Until recently, maybe within the past year, I never realized that I was a runner. Not the kind of Runner who is fit and wears running shoes and keeps a water bottle and ear buds with them all the time. No, I’m not athletic. I’m an emotional runner. When painful things happen to me, I run away from them as fast as I can.
To some extent this is a normal reaction. Our bodies are designed to have two basic responses to stressors: fight or flight. Fighting is for people who face things head on, consequences be damned. They figure out how they feel about things, they grieve, and they move on. Not me. I see a problem coming and I approach it clinically. How can this be fixed? What are the logical next steps? Is there something I can do to help? And then I put on my brave face, the one reserved for work when I have to go in a see a patient who is probably not going to make it but if you panic then your patient panics so you suck it up. That’s the face I use to get through all of my own problems.
Then I convince myself that I must be stronger than I thought because that problem wasn’t nearly as difficult as I thought it would be. I go on about my day, or maybe my week, or maybe even a month. Until something else happens and I repeat the cycle. This is very effective until my ability to compartmentalize has become exhausted, my mind looking like a hoarder’s garage, or the back of my car after a trip to Hobby Lobby, and I have no more room for new compartments. It is at this point that the running begins.
I don’t physically run because, obesity and sweat and inability to breathe if I do more than walk fast. Usually I jump in the Jeep. I wander nowhere and everywhere, top rolled back and windows down, music or audiobook loud enough to drown out my subconscious, until I reach a body of water to stare at and inevitably turn off the distractions and try to organize my thoughts.
Sometimes I cry. Sometimes I just sit. Almost always I end up taking pictures of something, like a bird perched on a handicap sign, or some stranger’s boat that looks almost poetic in its still waters. Sometimes I write. I don’t know what it is about running away to somewhere else that I think will make things better. The problem I started with is the same problem I’m dealing with later.
Sure, I get the wind in my hair, and the sun on my face, and the music blasting all around me, but there’s still a problem. And there are still conversations to have, and plans to make, and emotions to feel. But somehow, if I’m running, I think I feel like I’m more in control. Maybe I can’t control whatever horrible thing is happening, but I can control when I get to face it. Does that make sense, or am I just crazy? Maybe both.
After my grandpa got diagnosed with a brain tumor, all he wanted to do was ride around in the car all the time. For hours he would want to go down open roads in the country, and he would become frustrated when he had to stay at home. I used to think it was strange. But now, I think I get it.
When I’m backed into a corner and forced to confront something I’m not ready to deal with, I end up yelling horrible things that maybe I mean, or maybe I don’t. And sometimes during these screaming fits I discover things about myself that even I didn’t know. Like when Other Half asked me why I couldn’t just let him help me and I yelled back, “Because no one can help me! Because everyone I love dies so I’m basically all alone, it’s only a matter of time!” There’s something for my therapist to unpack. And I didn’t even know I felt that way until I yelled it.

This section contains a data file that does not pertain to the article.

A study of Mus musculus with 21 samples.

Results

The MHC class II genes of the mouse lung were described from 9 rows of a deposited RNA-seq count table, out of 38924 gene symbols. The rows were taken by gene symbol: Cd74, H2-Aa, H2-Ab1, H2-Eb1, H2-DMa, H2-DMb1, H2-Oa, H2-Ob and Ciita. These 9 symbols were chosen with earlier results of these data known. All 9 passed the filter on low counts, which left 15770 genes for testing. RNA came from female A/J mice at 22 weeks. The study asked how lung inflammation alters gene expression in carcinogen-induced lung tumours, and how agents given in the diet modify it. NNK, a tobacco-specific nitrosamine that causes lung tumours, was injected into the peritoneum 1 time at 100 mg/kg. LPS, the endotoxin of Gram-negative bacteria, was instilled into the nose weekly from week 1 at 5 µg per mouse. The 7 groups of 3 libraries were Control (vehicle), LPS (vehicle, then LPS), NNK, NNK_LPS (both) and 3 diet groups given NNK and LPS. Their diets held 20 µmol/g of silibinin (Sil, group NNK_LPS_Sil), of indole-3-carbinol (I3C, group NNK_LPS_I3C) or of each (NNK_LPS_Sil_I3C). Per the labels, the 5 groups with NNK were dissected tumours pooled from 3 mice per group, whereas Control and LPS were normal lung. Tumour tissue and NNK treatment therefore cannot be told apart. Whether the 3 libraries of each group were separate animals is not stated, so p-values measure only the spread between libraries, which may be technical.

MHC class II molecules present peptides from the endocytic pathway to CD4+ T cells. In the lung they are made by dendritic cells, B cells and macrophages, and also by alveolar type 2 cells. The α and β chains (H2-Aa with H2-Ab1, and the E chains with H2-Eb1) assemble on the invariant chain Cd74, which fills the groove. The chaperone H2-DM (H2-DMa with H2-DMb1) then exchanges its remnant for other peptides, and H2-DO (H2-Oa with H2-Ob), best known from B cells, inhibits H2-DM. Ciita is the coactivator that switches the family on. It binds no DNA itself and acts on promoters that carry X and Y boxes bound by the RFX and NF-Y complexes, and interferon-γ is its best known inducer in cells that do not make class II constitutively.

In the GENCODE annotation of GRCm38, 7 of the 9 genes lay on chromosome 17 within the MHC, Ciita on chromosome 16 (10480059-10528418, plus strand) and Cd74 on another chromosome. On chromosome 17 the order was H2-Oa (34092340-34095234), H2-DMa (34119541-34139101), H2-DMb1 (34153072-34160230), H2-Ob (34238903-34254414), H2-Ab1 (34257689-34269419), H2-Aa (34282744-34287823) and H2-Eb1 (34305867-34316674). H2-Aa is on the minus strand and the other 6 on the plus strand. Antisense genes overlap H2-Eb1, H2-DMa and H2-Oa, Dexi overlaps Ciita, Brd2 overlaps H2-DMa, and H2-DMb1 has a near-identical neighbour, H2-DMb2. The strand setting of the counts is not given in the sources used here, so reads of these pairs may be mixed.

Or when I was told over and over again that I should let someone else stay at the hospital with a family member so I could get some rest and I blurted out, “I can’t leave! Last time I left mom died!” Maybe I’ll schedule an extended session. And maybe Papaw needed to be able to run too. Family members took turns driving him anywhere and everywhere, and he was happy.
It’s sort of like going for a drive in the Low Country. I love driving over the bridges, looking at the streams and marshes everywhere. One of my favorite things about Isle of Palms is that to get there, we cross the Isle of Palms Connector Bridge, and there are twisting pathways of water everywhere. Sometimes the marsh looks just barely muddy, and sometimes there are streams prominent and powerful. There are patches of tall grass, and I can imagine that there are snakes and alligators and all sorts of scary things living there, and there are also beautiful birds and sunsets. And the water just runs wherever it will, as open and free and as unstoppable as I wish I was, refusing to face the alligators and snakes and instead rushing out into the open sea.
After all the running is done, I come back home to a family who loves me, and whom I love more than anything. I feel a little more ready to take on whatever needs to be addressed, The problem is still there, and I have made no progress. I have been running, but I’ve also been standing still. And I’m learning maybe that’s OK, because I have somewhere to come back to. Maybe one day I’ll be ready to unpack all those boxes. But until then, I’m going to enjoy the ride.